Inflammation is the body's natural response to harmful stimuli, such as cell surface receptors, bacteria, or viruses (Nordqvist, 2015). These foreign stimuli trigger the immune response, which allow for increased blood flow to the inflamed site (MedlinePlus). The increased blood flow carries immune cells to the inflammatory site in order to kill off invaders and clean up dead cells (Wallach et al., 2013; Hochreiter-Hufford & Ravichandran, 2013). Inflammation is characterized by the Latin phrase, "calor, dolor, rubor, and tumor," which means heat, pain, redness, and swelling (Ciaccia L et al. 2011).
GRANZYME B & CHRONIC INFLAMMATION ("The Secret Killer")
While inflammation is normally a beneficial and even essential part of the immune response, chronic inflammation (also known as prolonged inflammation) is associated with a multitude of different diseases, such as diabetes, heart diseases, arthritis, prolonged wound healing, autoimmune diseases, and even various cancers (Russell, 2014; Cullen et al., 2010). In fact, due to its role in various diseases, chronic inflammation become known as the Secret Killer (Gibbons, 2012; Figure 1).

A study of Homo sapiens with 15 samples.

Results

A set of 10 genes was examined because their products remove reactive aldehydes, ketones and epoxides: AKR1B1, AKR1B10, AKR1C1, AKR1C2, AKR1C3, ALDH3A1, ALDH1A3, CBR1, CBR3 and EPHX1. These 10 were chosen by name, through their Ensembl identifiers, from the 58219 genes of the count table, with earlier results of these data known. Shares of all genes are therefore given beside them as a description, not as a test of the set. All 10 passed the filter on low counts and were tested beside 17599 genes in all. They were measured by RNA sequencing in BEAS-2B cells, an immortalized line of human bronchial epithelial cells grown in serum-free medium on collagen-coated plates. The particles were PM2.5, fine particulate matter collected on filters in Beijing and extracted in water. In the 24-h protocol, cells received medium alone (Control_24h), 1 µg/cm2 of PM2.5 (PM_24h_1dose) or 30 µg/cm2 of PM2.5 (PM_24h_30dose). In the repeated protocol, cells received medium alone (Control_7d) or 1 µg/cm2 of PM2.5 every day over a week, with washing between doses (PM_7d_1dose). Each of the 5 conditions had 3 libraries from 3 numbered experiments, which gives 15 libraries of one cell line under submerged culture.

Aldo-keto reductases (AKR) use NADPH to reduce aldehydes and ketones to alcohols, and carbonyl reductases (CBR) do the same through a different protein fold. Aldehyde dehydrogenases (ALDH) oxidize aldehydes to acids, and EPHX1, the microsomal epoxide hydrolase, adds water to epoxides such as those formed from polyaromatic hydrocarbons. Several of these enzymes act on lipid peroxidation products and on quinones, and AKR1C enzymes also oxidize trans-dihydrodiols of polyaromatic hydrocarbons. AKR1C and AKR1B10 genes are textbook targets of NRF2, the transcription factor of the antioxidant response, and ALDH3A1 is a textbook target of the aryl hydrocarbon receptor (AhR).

Chronic inflammation begins when the normal immune response is stimulated, but the immune cells do not shut down on cue. These immune cells become hyperactive and interfere with healthy cells and tissues, which ultimately results in tissue damage.
GzmB, a serine protease, is an essential part of the immune system that is overexpressed during inflammation, (Granville et al., 2010). GzmB is normally produced by T cells and natural killer cells during inflammation, and can recognize and enter tumor cells to induce apoptosis. We refer to this important immune role as GzmB's intracellular function. Outside of cells, GzmB is also capable of cleaving proteins in the extracellular matrix (ECM) (Ida et al., 2005). The ECM is a collection of proteins that exists outside of cells and functions to provide both structure and support for cells and tissues. GzmB activity outside of the cells is to cleave around tumor cells, thereby jeopardizing tissue integrity and causing the death of tumor cells (Buzza et al., 2005). We refer to this as GzmB’s extracellular function.
GzmB levels are elevated during chronic inflammation, which leads to excess cleavage of important proteins in the ECM, and ultimately results in tissue damage (Figure 2) and various diseases (Hiebert & Granville, 2012) (Figure 3). For example, increased GzmB cleavage of cartilage proteoglycan leads to and worsens rheumatoid arthritis; and excess cleavage of ECM fibronectin, vitronectin, or decorin prolongs wound healing and contributes to photoaging (Hiebert et al., 2013).
Our project aim is to prevent tissue damage from chronic inflammation by limiting GzmB activity in the ECM without affecting its intracellular functions.